Gooligan: Malware is not the only problem
December 2016 by Dennis Monner, CEO of German security specialist Secucloud
Many users of Android mobiles have been alarmed by a recent warning that the Gooligan malware has infected over a million devices around the world, although only about 9 per cent of the victims are located in Europe. Gooligan targets the older versions 4 and 5 of the Android operating system – and is very successful doing so. That should start the warning bells ringing. Malware like Gooligan is unfortunately not uncommon and will continue to make headlines in the future. It is an illusion to think that users are going to change their behaviour and are really able to take control of their security. That is why we need a different solution to block this and similar threats.
The cyber-criminals behind Gooligan exploit two security vulnerabilities that enable them to take control of smartphones, steal access codes for the user’s Google accounts and misuse them. That does not only sound threatening, it really is. While the security vulnerabilities have been resolved in the current version of Android, Marshmallow – or version 6.x – had only been installed on just over 10 per cent of devices in June this year and 24 per cent by November. This number is increasing, but it will still take some time until at least half of all Android smartphones are protected against Gooligan. This is because device manufacturers only provide irregular updates and some Android versions and devices cannot be updated at all.
User behaviour – risky but impossible to change
However, the risk of being infected by malware like Gooligan does not only come from the operating system. Cyber-criminals exploit user behaviour too – such as when users download apps from third-party providers’ app stores instead of the very secure Google Play Store. These providers may not check the uploaded app for threats as thoroughly as Google does, so infected apps often find their way into the stores and are then downloaded and installed by unsuspecting users.
It is easy to say that it is the users’ own fault if they get infected. If they want to use apps of dubious provenance, they should at least install a decent security solution on all their devices and take responsibility for their security themselves. However, this is totally unrealistic. Children and teenagers in particular will override warnings and install a must-have app, even if its source is dubious. And then there are all the mobile threats that can infect devices without the user doing anything, such as drive-by downloads. This is why it is cynical to expect users to take sole responsibility for their own security.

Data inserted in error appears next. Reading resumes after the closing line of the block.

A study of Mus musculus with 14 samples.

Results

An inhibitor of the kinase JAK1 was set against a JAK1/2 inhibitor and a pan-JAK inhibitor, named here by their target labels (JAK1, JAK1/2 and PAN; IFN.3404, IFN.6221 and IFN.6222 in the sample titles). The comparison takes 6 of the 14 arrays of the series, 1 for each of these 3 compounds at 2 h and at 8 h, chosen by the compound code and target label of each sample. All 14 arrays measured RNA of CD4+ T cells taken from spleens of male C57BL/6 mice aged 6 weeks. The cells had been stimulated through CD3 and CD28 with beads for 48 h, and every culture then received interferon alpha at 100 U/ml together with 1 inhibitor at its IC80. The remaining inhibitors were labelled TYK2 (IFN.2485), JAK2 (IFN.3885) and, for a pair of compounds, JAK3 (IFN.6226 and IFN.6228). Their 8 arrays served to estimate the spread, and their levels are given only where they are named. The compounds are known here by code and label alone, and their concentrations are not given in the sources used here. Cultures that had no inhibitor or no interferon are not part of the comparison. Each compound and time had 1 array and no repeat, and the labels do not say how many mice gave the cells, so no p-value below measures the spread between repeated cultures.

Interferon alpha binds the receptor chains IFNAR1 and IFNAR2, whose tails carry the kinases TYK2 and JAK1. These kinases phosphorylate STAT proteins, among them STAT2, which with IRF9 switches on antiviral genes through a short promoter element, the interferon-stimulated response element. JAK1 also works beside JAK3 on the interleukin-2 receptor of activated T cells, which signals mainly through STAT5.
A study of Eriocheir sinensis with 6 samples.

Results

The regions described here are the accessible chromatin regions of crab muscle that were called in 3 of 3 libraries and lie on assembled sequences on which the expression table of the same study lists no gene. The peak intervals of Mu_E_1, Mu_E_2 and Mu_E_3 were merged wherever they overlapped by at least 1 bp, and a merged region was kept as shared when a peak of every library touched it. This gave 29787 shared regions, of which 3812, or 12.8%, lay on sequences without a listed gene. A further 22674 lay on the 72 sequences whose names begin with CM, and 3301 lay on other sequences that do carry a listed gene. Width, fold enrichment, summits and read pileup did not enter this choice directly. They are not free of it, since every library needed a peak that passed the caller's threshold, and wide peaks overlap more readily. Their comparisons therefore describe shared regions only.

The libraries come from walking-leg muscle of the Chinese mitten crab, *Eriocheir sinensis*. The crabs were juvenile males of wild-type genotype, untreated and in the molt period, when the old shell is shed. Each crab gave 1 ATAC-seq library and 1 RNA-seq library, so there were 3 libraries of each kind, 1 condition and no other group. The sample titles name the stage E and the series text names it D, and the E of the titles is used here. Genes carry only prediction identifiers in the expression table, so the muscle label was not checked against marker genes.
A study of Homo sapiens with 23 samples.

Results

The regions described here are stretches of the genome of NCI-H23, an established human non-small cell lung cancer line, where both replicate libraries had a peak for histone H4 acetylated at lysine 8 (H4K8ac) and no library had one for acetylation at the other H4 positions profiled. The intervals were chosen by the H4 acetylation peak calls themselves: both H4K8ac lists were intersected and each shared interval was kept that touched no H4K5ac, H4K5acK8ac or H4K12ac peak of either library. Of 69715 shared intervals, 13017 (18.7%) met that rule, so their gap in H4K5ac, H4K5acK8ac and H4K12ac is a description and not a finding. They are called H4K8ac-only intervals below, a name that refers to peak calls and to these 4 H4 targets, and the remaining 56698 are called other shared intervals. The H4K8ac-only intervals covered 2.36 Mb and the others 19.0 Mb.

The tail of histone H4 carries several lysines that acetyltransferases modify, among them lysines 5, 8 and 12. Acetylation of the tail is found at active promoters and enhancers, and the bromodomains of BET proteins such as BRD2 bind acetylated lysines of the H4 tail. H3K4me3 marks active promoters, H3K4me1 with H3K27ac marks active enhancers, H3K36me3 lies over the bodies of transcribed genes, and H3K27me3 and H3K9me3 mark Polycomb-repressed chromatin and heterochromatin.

Local protection is no longer enough
Another aspect is that cyber-criminals will be targeting more and more devices due to the internet of things (IoT). For these devices, local protection may not exist or may be impossible to provide. The recent attacks on routers and IP cameras are examples of this. So how can we ask users to please make sure they are secure? Do we want to make them responsible and liable if their smart light bulb becomes part of an IoT botnet that carries out denial-of-service attacks? That would be unfair.
Threats like Gooligan make it even clearer that we need to think differently. The approach until now has been to protect devices individually – and this will be increasingly insufficient. Instead, security needs to be built into the internet itself. That is where threats must be detected and blocked.
Effective protection from Gooligan and others
This works best when the security solution is based in the cloud, such as in telecom providers’ infrastructure. That would ensure that all the customer’s internet traffic would be routed through this separate security system and searched for threats, but without violating the user’s privacy.
This type of solution also requires a multi-layer structure in order to maximise its security effectiveness. It would need to combine a variety of security technologies, ranging from signature-based malware detection and reputation services through to deep packet inspection, IDS/IPS, sandboxing and more. That would achieve a level of protection that, until recently, was only available to large enterprises.
A solution like this would protect all Android device owners from Gooligan, even if they were running an older version of the operating system. One example is our cloud-based security solution ECS2, which has been protecting devices from this threat since February 2015.